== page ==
The Dodgers Way to Play Baseball was once a best-selling sports book, but 'The Dodgers Way' remains a hallmark of one of the most successful sports franchises in history. Their former General Manager and architect of the 1988 Cinderella World Series Champion Dodgers, Fred Claire, discovered another team for the ages when he won the battle of cancer at The City of Hope. Joined by two great Dodgers, Reggie Smith and Steve Yeager, these three baseball lifers talk about their Dodgers days as the After the Glory team pays tribute to The City of Hope.
Fred Claire was an integral part of the Los Angeles Dodgers from 1969 to 1998, leveraging a successful career in sports journalism to start as Vice President of Public relations for the team, and was instrumental in creating the Dodgers brand of 'Think Blue', He began his 10-year run as General Manager in 1987 and famously built the legendary 1988 Dodgers World Series Championship team. Below, in an excerpt from his recent book entitled Extra Innings: Fred Claire's Journey to City of Hope and Finding a World Championship Team (co-authored with Tim Madigan), he movingly describes the greatest battle he ever had to face - cancer.
From Bill Plaschke of the L.A. Times, words that led the Dodgers to do what was long overdue; honor Fred Claire on June 10, 2017: “…The echos of Dodger Stadium will always include him because Dodger history was forever changed by him. In a dramatic reversal unmatched in franchise lore, the former sportswriter weaved a classic comeback tale that stabilized a franchise, immortalized a manager, and helped turn lost souls into champions.” Later in 2017, after immunotherapy seemed to have worked, in what his doctor called a miracle, Fred said this: “When people would ask, ‘How are you, Fred? I would say “I’m blessed, he said in 2019. “I didn’t say that when I was in my seventies and healthy before cancer. I would say, ‘I’m great.’ But I knew what had happened. I was aware of the blessing that I had received. Immunotherapy is the only reason I’m here today. The treatment of cancer by cutting, burning, and poisoning is going to be surpassed, thank the Lord, by science and medicine, which is the whole theme of the City of Hope. That’s really what we’re talking about here, why we’re trying to shine a light on all this.”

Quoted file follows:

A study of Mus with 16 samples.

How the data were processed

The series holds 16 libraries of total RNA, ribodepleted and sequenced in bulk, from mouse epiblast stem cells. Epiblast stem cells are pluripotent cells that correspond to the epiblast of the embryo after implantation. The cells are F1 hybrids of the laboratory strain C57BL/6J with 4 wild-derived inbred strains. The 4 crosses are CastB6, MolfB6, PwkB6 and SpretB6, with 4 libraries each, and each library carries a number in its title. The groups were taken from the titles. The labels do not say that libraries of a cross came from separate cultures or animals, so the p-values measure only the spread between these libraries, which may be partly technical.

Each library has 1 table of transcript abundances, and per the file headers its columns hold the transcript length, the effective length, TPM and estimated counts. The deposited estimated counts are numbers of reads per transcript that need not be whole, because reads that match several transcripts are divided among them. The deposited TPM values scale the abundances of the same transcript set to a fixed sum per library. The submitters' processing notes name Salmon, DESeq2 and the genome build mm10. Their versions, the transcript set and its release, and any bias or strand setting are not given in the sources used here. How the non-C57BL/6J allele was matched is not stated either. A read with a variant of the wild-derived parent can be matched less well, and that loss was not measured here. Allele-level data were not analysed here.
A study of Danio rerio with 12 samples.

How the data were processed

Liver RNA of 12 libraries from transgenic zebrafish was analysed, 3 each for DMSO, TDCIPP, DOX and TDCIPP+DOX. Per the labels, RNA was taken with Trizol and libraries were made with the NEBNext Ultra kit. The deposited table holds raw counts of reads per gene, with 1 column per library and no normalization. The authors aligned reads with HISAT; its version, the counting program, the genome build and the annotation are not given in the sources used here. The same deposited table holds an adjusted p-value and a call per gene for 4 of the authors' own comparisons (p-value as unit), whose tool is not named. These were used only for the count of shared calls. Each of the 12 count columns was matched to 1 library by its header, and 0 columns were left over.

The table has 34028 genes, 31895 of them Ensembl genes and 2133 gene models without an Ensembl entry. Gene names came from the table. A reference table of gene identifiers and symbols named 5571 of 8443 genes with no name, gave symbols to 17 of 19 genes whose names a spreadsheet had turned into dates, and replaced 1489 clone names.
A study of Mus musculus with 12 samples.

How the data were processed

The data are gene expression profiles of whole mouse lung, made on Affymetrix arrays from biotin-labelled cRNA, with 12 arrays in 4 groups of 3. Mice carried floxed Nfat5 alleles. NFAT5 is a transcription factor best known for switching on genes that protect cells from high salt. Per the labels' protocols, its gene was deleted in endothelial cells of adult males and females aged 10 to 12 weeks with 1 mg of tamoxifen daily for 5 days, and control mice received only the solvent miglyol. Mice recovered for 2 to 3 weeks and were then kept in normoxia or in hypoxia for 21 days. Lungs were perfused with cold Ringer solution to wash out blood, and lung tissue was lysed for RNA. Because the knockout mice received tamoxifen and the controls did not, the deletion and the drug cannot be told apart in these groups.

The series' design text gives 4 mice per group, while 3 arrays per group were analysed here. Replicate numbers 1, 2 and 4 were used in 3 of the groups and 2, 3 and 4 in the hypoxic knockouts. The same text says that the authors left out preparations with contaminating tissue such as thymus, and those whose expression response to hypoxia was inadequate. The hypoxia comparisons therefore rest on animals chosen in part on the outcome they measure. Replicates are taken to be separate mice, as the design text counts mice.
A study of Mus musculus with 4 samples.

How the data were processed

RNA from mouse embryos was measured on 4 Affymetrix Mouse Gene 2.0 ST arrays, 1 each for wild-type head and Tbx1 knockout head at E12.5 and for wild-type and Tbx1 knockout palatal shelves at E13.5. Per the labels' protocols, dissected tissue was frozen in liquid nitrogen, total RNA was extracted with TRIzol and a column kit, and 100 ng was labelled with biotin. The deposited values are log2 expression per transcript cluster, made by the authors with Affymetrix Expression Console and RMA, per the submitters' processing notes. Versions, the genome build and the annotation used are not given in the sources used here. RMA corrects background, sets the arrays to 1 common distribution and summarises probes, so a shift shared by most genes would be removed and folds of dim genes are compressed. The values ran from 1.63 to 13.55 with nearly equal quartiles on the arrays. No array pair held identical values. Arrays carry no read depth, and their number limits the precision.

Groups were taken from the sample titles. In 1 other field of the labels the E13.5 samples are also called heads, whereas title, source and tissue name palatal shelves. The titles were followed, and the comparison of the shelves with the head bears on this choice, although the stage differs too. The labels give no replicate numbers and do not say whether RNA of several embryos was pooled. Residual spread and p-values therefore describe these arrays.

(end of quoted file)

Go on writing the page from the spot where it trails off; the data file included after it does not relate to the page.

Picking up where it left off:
Reggie Smith was one of the most talented and respected outfielders in baseball, enjoying a 17-year major league career from 1966 to 1982. He was raised in the Los Angeles area and drafted by the Boston Red Sox in 1966, where he was part of their 1967 World Series team in his rookie season. Reggie went on to success with the Red Sox through 1973, with Hall-of-Famer Ted Williams as his inspiration. He came back home to join the Dodgers from 1967 to 1981, during which time he appeared in three World Series (1977, 1978, and 1981), the last one resulting in a World Series Championship. Aside from being a stellar outfielder with one of the great arms in major league history, it was hitting that made him famous and led to his continued involvement in the game once his playing career was over. Reggie has taught hitting to USA Olympic baseball players, spent years with the Dodgers at all levels of their minor league system, and established a renowned hitting academy in Encino, CA.
Steve Yeager, one of the greatest defensive catchers in all of baseball, was considered by Hall-of-Famer Lou Brock as the best throwing catcher he ever saw. He played 14 of 15 of his major league seasons for the Dodgers, where he was known as a leader and clutch hitter. Steve played for the Dodgers from 1972 to 1985 and was part of the World Series teams of 1974, 1977, 1978, and 1981, being named co-MVP of the 1981 World Series. After his playing days, he remained with the Dodgers as a minor-league instructor and catching coordinator for the team from 2012 to 2018. Steve has coached and managed in the Independent Leagues and continues to be a popular Dodger wherever fans gather to discuss the great Dodgers of the past. Outside of baseball, he is fondly remembered for his role in the iconic movie “Major League” and is co-owner with his wife Charlene of a Jersey Mike’s franchise in Granada Hills, CA.